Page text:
Indonesian Oil Palm Plantations Fields of Second Generation Biofuels

Indonesian oil palm plantations produce biomass of around 182 million tons per year and bioethanol of around 27 billion liters if processed further

In the policy of the European Union’s Renewable Energy Directives (RED) and the United States Renewable Fuels Standard (RFS), it is recommended to use second generation biofuel such as biomass waste as the world’s most sustainable energy. The use of first generation biofuel that is from agriculture or plantation is considered unsustainable because it will create competition with food production (fuel and food trade-off).

Once again, Indonesia’s oil palm plantations have given significant contribution to settle the world’s future energy policy. In addition to producing first generation energy (biodiesel, FAME), Indonesia’s oil palm plantations also produce a second generation of biomass which is quite large and even greater than the volume of  combined biomass produced from soybeans, rapeseeds and sunflowers.

Oil palm plantations produce biomass wastes such as shells, fiber, press cake; empty fruit bunches, trunks, palm fronds, etc. A study by Foo-Yuen Ng, et al (2011) shows that in every hectare of oil palm plantations, approximately 16 tons of dry matter can be produced per year. Palm oil biomass production is about three times larger than palm oil (CPO) production which is the main product of oil palm plantations. Indonesia with around 11 million hectares of oil palm plantation areas in 2015 is expected to produce biomass up to 182 million tons every year.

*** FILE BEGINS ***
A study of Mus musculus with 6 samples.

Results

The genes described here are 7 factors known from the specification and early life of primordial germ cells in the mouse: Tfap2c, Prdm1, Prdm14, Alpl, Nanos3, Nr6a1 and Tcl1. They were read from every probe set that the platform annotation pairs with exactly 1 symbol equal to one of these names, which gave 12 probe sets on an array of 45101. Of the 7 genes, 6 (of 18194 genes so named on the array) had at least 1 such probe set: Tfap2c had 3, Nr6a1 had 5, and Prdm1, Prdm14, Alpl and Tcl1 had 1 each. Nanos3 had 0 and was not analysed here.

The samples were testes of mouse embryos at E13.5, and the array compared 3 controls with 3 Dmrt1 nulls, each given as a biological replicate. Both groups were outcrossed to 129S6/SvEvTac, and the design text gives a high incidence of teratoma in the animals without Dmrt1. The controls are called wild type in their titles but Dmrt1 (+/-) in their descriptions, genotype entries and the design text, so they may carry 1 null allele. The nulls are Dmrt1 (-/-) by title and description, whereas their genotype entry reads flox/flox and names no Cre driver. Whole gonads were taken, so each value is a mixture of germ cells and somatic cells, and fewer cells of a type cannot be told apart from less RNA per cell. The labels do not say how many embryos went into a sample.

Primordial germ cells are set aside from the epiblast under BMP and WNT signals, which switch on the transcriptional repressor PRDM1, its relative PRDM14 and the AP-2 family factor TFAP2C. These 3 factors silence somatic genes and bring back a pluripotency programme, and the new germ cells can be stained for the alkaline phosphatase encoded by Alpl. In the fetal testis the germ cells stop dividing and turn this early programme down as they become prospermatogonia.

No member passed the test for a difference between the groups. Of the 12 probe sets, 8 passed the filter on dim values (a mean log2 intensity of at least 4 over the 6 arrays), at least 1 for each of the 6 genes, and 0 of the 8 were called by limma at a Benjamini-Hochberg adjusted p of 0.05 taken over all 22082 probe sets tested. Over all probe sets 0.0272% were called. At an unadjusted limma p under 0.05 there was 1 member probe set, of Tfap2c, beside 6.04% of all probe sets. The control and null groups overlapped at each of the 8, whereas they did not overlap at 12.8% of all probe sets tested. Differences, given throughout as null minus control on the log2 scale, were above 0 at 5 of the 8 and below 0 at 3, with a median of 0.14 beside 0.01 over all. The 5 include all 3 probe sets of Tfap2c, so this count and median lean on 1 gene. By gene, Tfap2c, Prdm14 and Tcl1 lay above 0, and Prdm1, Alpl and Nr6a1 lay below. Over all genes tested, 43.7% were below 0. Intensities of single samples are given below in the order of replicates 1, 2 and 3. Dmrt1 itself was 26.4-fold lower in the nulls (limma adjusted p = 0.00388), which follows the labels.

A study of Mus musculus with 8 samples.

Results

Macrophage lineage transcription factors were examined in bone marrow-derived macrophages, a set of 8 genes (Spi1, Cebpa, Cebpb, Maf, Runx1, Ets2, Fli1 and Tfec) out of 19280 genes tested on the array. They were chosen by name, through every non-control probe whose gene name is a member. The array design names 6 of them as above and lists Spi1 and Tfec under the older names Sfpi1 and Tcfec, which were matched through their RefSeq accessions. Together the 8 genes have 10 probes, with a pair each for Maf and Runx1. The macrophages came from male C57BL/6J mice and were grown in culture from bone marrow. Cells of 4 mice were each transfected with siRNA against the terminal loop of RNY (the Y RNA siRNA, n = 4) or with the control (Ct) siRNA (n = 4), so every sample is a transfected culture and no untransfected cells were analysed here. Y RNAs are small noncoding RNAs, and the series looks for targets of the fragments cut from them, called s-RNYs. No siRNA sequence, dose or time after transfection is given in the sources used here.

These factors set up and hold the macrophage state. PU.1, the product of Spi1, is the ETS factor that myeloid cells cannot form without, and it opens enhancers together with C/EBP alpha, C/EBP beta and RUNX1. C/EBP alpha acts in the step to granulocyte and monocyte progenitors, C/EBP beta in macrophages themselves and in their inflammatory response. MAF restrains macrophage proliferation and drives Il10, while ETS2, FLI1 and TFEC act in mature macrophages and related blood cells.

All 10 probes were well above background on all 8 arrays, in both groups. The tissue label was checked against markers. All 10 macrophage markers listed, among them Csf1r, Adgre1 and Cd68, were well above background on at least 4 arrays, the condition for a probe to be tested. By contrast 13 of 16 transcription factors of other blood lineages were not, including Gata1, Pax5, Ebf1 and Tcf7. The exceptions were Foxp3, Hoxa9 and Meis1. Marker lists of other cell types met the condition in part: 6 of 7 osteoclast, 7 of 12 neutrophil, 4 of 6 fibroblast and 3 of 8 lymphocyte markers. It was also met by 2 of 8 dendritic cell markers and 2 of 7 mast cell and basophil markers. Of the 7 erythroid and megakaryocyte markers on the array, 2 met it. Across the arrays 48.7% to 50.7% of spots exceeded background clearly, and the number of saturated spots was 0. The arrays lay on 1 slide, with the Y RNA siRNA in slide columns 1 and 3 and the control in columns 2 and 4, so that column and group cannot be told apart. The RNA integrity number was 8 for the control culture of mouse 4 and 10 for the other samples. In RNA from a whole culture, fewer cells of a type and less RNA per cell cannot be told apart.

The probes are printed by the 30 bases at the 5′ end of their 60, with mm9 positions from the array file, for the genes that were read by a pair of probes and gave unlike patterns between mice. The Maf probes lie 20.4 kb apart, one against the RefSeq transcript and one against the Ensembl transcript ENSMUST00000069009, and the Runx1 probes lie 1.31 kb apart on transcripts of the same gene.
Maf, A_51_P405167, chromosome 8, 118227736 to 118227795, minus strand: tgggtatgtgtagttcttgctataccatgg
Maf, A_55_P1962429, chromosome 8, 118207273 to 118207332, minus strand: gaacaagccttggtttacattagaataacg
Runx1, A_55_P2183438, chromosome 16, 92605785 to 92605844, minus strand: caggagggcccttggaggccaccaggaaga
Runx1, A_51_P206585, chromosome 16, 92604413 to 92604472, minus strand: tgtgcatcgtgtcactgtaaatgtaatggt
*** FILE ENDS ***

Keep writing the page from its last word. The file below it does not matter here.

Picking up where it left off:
Indonesian oil palm plantations are not only the world’s largest fields of biodiesel but also biomass stores. This unique field of oil palm biofuel is produced together with palm oil as a joint product but they are not each other’s substitute. An increase in palm oil production is also accompanied by the increase in biomass production.

Palm oil biomass can be processed into bioethanol which can become a substitute for premium gasoline. According to KL Energy Corporation (2007), every ton of dry biomass can produce 150 liters of ethanol. This means that with Indonesia’s palm oil biomass production over 182 million tons per year, it can produce 27 billion liters of ethanol every year. It can cover almost 60 percent of the needs for premium gasoline in Indonesia. With such amount of ethanol production from palm biomass, is it not Indonesian oil palm plantation a large field of ethanol or bio premium?

Moreover, oil palm plantations also have the potential to produce bio methane from POME (PKS waste). With POME production over 147 million tons per year, it can produce nearly 4127 million cubic of biogas per year. This biogas can reduce natural gas consumption.

Oil palm plantations are not only food sources but also the source of renewable energy namely biodiesel, bio ethanol and biogas. These three renewable energies can be the substitute for non-renewable energy such as fossil energy. Biodiesel is a substitute for diesel fuel; bio ethanol is a substitute for premium gasoline while biogas is a substitute for natural gas.